High-scoring Storm rolled through OHL playoffs but lack experience at Memorial Cup
LONDON, Ont. — At the coaches’ news conference at the MasterCard Memorial Cup, a festival of false humility if ever there were one, Guelph Storm head coach Scott Walker did his best to downplay just how loaded, front to back, his powerhouse team is.
“I’m ... starting to get worried,” Walker said. “They’re (the other three coaches) all talking about their past experience at the Memorial Cup, and we haven’t been there for a while (2004).
“And I have never been there.’
Walker explained that, yes, the Storm rolled through the Ontario Hockey League playoffs, winning all four series in just over the minimum, but “don’t let the five-game series fool you.”
Presumably, no one should be fooled, either, by the Canadian Hockey League-high 340 regular-season goals the high-energy Storm scored, or the fact that Storm forwards finished first, second, third, fourth and sixth in the OHL scoring race. Or that forwards Kerby Rychel, Zack Mitchell, Robby Fabbri, Scott Kosmachuk and Jason Dickenson combined for 54 goals in 20 playoff games.
Derek Laxdal, head coach of the Edmonton Oil Kings, who face the Storm in the first tournament game for both teams at 2 p.m. MDT Saturday on Sportsnet, has likened Guelph to the Portland Winterhawks, the team Edmonton defeated in a dramatic seven-game series to decide the WHL championship.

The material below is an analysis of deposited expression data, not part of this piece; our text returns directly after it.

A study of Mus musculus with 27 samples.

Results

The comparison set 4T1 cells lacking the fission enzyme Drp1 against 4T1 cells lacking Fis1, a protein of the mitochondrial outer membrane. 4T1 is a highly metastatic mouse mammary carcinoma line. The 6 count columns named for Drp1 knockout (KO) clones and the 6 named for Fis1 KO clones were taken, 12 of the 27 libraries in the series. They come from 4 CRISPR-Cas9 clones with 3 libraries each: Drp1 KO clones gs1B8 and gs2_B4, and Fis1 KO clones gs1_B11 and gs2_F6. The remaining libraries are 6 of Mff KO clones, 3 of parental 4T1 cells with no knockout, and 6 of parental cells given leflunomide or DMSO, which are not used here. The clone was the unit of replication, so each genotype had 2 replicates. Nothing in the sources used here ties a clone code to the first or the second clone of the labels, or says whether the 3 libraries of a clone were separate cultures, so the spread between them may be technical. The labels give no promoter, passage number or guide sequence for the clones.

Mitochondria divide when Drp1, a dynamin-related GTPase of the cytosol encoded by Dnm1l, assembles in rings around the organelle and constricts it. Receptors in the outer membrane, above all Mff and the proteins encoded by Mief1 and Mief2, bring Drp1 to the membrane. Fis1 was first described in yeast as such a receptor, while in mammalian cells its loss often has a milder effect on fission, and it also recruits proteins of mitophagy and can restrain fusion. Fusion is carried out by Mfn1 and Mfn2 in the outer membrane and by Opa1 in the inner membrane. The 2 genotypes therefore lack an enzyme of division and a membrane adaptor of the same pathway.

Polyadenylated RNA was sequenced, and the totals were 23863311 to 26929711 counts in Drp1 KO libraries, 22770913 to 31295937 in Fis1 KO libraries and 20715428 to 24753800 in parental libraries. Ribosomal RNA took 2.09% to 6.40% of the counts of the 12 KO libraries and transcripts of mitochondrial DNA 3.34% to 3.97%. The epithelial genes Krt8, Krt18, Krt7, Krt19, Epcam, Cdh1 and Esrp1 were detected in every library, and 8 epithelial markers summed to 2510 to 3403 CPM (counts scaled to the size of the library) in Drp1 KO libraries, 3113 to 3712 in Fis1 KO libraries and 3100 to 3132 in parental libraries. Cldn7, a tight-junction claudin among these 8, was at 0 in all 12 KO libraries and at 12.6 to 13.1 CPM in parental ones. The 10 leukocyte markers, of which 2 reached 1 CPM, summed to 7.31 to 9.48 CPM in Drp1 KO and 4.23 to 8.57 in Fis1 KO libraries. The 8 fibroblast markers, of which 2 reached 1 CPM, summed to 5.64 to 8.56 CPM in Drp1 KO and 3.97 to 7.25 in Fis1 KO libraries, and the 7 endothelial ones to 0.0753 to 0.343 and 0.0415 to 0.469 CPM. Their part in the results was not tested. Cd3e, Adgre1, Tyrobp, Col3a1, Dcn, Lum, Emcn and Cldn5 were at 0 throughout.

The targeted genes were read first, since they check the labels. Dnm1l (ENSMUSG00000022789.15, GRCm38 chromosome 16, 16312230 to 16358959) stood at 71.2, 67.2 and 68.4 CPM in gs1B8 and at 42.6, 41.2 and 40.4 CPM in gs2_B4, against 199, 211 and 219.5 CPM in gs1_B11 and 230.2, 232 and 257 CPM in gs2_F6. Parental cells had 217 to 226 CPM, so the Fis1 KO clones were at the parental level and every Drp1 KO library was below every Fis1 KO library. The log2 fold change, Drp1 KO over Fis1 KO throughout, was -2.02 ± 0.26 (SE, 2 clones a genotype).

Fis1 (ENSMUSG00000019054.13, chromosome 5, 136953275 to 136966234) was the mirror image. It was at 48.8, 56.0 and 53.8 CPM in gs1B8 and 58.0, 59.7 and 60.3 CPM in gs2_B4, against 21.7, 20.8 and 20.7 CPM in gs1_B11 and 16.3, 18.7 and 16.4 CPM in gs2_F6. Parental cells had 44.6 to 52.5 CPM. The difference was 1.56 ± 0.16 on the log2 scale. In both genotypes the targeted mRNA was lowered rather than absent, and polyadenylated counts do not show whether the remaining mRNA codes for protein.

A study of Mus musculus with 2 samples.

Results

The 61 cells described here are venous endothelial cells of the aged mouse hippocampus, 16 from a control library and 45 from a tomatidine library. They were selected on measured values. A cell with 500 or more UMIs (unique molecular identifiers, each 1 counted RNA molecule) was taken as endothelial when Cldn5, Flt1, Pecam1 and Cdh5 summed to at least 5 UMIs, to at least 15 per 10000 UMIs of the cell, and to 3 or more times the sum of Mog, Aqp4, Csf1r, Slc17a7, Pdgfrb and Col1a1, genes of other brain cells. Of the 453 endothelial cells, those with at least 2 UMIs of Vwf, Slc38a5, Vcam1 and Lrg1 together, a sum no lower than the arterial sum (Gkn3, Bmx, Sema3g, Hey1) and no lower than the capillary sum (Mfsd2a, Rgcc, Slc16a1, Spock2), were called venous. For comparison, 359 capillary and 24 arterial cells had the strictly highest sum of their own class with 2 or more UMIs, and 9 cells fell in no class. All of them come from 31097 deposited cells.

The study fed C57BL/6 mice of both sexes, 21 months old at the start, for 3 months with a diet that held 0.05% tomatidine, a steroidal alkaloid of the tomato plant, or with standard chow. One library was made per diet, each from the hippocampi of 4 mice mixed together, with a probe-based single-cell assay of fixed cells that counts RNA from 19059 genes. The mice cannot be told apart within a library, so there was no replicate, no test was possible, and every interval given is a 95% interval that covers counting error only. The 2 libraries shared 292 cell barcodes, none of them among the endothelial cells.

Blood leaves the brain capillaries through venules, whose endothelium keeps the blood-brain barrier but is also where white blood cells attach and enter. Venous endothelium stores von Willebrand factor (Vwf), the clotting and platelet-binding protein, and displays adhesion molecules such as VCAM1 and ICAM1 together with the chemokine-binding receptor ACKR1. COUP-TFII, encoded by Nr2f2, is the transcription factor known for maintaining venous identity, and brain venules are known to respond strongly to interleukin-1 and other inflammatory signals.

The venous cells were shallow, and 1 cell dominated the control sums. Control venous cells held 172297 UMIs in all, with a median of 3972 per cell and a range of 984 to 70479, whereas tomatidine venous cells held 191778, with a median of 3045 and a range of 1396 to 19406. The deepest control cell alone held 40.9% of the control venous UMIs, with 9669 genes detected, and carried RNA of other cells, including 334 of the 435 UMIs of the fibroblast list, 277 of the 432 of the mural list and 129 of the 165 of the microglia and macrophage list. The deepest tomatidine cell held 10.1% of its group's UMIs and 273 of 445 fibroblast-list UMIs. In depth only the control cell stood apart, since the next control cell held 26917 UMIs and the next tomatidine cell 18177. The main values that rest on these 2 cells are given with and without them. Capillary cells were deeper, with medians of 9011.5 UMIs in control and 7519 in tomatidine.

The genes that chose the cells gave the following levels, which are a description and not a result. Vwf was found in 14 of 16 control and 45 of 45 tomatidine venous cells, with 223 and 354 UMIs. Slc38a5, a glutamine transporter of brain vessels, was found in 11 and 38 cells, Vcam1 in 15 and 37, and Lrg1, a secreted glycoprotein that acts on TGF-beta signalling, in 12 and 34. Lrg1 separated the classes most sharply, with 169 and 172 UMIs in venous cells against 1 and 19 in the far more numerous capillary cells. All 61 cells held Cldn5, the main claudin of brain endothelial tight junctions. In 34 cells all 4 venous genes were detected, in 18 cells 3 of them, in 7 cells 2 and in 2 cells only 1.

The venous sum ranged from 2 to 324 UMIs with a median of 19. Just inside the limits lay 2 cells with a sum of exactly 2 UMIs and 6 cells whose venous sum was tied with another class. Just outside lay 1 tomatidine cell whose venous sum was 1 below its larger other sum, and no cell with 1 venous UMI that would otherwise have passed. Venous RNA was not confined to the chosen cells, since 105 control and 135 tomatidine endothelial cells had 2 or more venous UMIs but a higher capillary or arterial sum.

On a one-season shot, that may be true. But the Winterhawks competed in the WHL final for four straight seasons, winning it once; the Storm were eliminated in the first round of the OHL playoffs for three straight seasons before all the pieces slotted for them this season.
“It’s been tough,” said Brock McGinn, 20, a left winger for the Storm for the last four seasons. “We’ve been building up to getting to this point, so it’s definitely relieving to get this far.”
At what point this season, or in the playoffs, did McGinn, a native of Fergus, Ont., and his teammates realize it was possible the Storm were, at last, a special team.
“I think from the first game in the (regular) season we knew we had a special team,” said McGinn, who produced 85 points (43 goals) in 2013-14. “Coming into camp, we just looked at everybody in the room and thought we could do something special.
“We’re just a hard-nosed team that uses our speed and forecheck really well. We’re a good team in both ends of the ice and we have a really good goalie (Justin Nichols) back there, who is our backbone pretty much.”
Asked how much they know about their first opponent, the Oil Kings, Rychel, son of former NHL player Warren Rychel (the Windsor Spitfires general manager), said the same thing all the players have said about their opponents: “Not much.”
“We did a little bit of video today. Obviously, they’re a structured team, they work pretty hard and they’ve got some stars and their goalie (Tristan Jarry) is world class, so we’re going to have to be ready.”
Rychel is an interesting case, an excellent player (34 goals, 56 assists) and the Spitfires captain whow as traded to Guelph in December by his own father, a move that gave him a chance to play for a championship team and sent a passel of draft picks to the retooling Spitfires.
Windsor was a powerhouse not so long ago, but they have been rebuilding since then, a middle-of-the-pack team.
Did Rychel, 19, see any comparisons between the Storm and those teams?
“The Windsor team, they had some all-stars — Taylor Hall, Ryan Ellis, Cam Fowler. I don’t really think we have that all-star guy. I think we just have a lot of really good players who are willing to do whatever it takes to win.”